For businesses looking to help employees address mental health concerns — which impacts individual health as well as company productivity — a well-run workplace program can provide ways to move from “problems to solutions.”
The new report published in the Journal of Occupational and Environmental Medicine highlights such potential solutions. It is titled “Mental Health in the Workplace: A Call to Action Proceedings from the Mental Health in the Workplace: Public Health Summit.”
To do this, the study reviewed actual case studies. The report concludes: “To support other employers in their efforts to do likewise, several strategies were proposed targeting three levels of intervention: individual, organizational, and societal.”
- “To help individual workers, employers were encouraged to provide access to the full range of medical and psychotherapeutic treatments by leveraging well-established and evidence-based interventions.”
- “One form of treatment, cognitive behavior therapy (CBT), has been shown to be especially effective in treating depression symptoms among workers. Access to these treatments should be provided at the parity with physical health interventions: with as few barriers as possible. For example, computerized, telephonic, and a combination of face-to-face with individual emails are some innovative methods for providing CBT that have shown promise in increasing treatment accessibility.”
Interventions can make a marked difference — for employees and businesses. The report notes that:
- “For individuals with depression, the literature has shown that more than 80% of these individuals can be treated quickly and effectively, especially when symptoms are recognized early, and nearly 86% of employees treated for depression report improved work performance.
- “Further, 80% of those treated for mental illness report “high levels of work efficacy and satisfaction.” In some studies, treatment of depression has been shown to reduce absenteeism and presenteeism by about a 40-60%. Other studies have demonstrated more modest effects.”
To help business leaders recognize the importance of action, addressing the costs can be a strong way to start.
The authors write that “organizational leaders need to be presented with simple business case materials with infographics that clearly communicate the rationale for promoting health, in all forms, at the workplace. This needs to start by monetizing the cost of poor health, especially the impact on workers’ performance and productivity.”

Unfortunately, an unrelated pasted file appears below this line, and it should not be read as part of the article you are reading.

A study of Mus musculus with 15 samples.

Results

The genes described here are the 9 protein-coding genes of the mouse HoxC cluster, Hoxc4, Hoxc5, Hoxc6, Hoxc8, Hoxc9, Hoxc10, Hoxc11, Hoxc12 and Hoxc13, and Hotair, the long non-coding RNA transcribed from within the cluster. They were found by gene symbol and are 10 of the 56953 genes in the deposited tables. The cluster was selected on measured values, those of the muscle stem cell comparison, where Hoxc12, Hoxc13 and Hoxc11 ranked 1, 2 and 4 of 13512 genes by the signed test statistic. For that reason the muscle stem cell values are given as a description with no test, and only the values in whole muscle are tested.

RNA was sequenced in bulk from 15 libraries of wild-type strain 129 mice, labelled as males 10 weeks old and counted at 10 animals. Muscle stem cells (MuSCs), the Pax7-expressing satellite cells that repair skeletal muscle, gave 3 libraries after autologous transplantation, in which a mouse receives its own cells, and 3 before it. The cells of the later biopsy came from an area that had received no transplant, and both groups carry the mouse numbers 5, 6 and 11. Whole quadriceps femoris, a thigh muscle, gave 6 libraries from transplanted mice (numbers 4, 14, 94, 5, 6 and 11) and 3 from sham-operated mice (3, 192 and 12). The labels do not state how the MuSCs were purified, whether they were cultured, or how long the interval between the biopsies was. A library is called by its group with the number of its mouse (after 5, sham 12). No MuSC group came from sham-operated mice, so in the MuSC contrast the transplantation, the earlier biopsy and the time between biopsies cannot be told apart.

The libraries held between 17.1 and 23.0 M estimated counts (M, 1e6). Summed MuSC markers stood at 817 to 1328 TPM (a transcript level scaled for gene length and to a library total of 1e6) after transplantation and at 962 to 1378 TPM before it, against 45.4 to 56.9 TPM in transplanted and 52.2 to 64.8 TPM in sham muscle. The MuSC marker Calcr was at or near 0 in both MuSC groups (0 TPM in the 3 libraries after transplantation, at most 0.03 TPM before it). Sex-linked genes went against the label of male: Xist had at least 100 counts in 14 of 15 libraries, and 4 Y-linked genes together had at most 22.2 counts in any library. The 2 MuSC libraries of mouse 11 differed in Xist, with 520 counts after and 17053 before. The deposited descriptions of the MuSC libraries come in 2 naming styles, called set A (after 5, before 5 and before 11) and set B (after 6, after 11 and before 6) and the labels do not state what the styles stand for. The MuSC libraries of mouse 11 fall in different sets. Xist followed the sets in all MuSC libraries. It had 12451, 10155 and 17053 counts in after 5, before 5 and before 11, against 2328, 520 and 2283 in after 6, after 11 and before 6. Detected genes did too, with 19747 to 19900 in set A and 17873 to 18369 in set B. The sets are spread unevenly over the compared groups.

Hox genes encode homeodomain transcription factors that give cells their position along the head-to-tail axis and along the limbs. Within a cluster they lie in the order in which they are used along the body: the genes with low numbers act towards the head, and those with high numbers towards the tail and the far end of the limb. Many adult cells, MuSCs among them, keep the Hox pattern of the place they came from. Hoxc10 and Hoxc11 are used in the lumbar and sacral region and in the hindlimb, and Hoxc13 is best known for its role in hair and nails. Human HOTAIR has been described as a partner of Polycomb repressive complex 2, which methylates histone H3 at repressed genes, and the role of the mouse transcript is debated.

Indeed, this communication effort should be planned and precise. The authors note that “there is a need to ‘package’ information and recommended solutions in simple and unambiguous terms, for example, in the form of a ‘how to’ guide grounded on scientific evidence. Also noted is the importance of providing recognition to businesses that have exemplary workplace well-being programs in place, with documentary evidence that their programs ‘work.’”
The study highlights how recognition programs can be effective tools — showing programs or businesses that employ successful best practices.
Interactive Health runs such a program, as it annually names “America’s Healthiest Companies.”
To be recognized, “honorees reached or exceeded an exemplary 70 percent participation rate in their workplace wellness program and their workforce’s overall health risk was low, based on the results of an annual health evaluation that involves a blood draw, lab tests and a detailed questionnaire. This evaluation is often more thorough than what patients receive during routine visits to primary care doctors. This new knowledge motivates people to adopt new habits, which Interactive Health supports through year-round personalized digital tools, coaching and other resources for each participant.”